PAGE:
Nearly one in four young Koreans are effectively jobless and apartment prices in Seoul have soared about 60% since Moon took office in 2017
By Cynthia Kim
SEOUL, June 10 (Reuters) - Outside class hours, Kim Kyung-wook delivers meals on foot to apartment blocks near his university in eastern Seoul, while constantly checking his phone to trade stocks, cryptocurrency and used Nike sneakers.
That probably won't help him land a well-paid job when he graduates later this year, but Kim says such side hustles are a "smarter thing to do" in the face of increasingly bleak job opportunities and an expanding income gap under President Moon Jae-In.
Kim is one face of a lost generation that many see emerging as the key voting bloc that could swing next year's presidential election. Already, he and voters like him helped the main opposition party triumph in April by-elections for mayor of Seoul.
"It's like the government is locking out everyone who hasn't landed on a regular job yet or doesn't own a property. Voting for the other guys was the least I could do to show them things aren't working out," Kim said.
The Presidential Blue House declined to comment.
With one year left in his single five-year term, Moon's promise for a more just, compassionate and equitable society rings hollow to many. But the pandemic-induced downturn has fallen especially hard on those in their 20s and 30s.
South Korea now has the highest proportion of 25-34 year olds with tertiary degrees among OECD countries.
Despite being the most highly educated generation in the country's history, nearly one in every four Koreans in the 15-29 age group was effectively jobless as of May, far higher than the 13.5% for the rest of the working population.
RUNAWAY HOME PRICES
For Lee Jung, a 27-year-old liberal arts major, news reports that employees of a state housing developer used insider information to benefit from runaway home prices in March was the last straw.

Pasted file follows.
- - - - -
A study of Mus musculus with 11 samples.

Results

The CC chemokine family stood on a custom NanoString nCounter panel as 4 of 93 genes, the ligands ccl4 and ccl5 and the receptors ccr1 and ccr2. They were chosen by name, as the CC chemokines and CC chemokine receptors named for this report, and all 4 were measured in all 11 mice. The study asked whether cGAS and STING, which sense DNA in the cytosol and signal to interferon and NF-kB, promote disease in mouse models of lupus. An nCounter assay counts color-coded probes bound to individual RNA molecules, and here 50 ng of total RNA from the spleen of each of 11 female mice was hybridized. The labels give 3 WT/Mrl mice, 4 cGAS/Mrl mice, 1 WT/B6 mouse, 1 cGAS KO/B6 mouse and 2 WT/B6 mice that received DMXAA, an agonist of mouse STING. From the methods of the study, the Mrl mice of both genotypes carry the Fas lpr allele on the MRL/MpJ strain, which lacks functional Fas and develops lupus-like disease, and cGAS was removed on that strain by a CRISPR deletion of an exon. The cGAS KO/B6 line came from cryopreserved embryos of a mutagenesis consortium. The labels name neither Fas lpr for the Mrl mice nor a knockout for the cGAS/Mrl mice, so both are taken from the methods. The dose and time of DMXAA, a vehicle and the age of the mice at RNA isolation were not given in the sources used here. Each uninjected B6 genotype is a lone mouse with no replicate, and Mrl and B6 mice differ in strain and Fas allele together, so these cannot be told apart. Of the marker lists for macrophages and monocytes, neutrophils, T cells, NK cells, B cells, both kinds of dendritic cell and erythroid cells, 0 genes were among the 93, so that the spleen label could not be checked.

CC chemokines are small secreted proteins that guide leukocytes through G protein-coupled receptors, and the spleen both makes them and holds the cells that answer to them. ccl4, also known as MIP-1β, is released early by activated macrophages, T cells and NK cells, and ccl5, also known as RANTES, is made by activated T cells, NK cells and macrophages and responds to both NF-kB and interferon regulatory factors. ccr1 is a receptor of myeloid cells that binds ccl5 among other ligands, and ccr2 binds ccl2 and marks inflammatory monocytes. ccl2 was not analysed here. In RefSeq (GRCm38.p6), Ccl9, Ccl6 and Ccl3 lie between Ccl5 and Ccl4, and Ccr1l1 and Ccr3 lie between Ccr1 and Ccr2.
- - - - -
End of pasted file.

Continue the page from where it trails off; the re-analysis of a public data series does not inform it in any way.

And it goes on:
"It's hard enough to watch crazy apartment prices. Cashing in on privileged information like that, after cutting home supplies and mortgages, how dare they, it's disgusting," said Lee, who is saving to buy a studio on the outskirts of Seoul.
Apartment prices in Seoul have soared about 60% since Moon took office in 2017, despite about two dozen rounds of housing market curbs.
Lee said various tax penalties to discourage speculative buying and tightened rules on knock-and-rebuild developments ended up hurting renters.
A 35% increase in minimum wages since 2017 was another widely discussed policy, which critics argue led to a drop in low-paying jobs across retailers and the service sector.
"It's really difficult to look into the future when you can't rely on your parent's money and everything you make goes to rent and food, its only going up," said Lee, who says he spends about half of what he makes on rent and plans to vote for the opposition.
Worsening housing affordability has eroded Moon's approval rating, now hovering around 38% from a high of 71% in May last year, according to polling by Gallup Korea, as more young Koreans shift their support to the conservative opposition.
As elections approach, leading liberal contenders to succeed Moon are competing to regain the confidence of voters in their 20s and 30s, who make up about one third of the voting bloc.
Lee Jae-myung, the governor of Gyeonggi province who leads opinion polls, in May proposed giving 10 million won ($8,959) of "travel the world" vouchers to high school graduates who choose not to go to college.
Chung Se-kyun and Lee Nak-yon, both former prime ministers under Moon, also pledged to offer seed money for investment or rent subsidies to help young people starting out in life.
Figures among the main opposition People Power Party say such moves are insufficient to tackle the needs of younger voters.
"These are like giving out Advil when there is a cancer growing in your body," said Lee Jun-seok, a 36-year old Harvard-educated computer expert, who is the leading contender for the opposition's leadership contest this Friday.
He and other PPP members say they want to elect more officials from younger generations to better reflect views from younger generations, and support tech start-ups. (Reporting by Cynthia Kim; Additional reporting by Hyonhee Shin; Editing by Lincoln Feast.)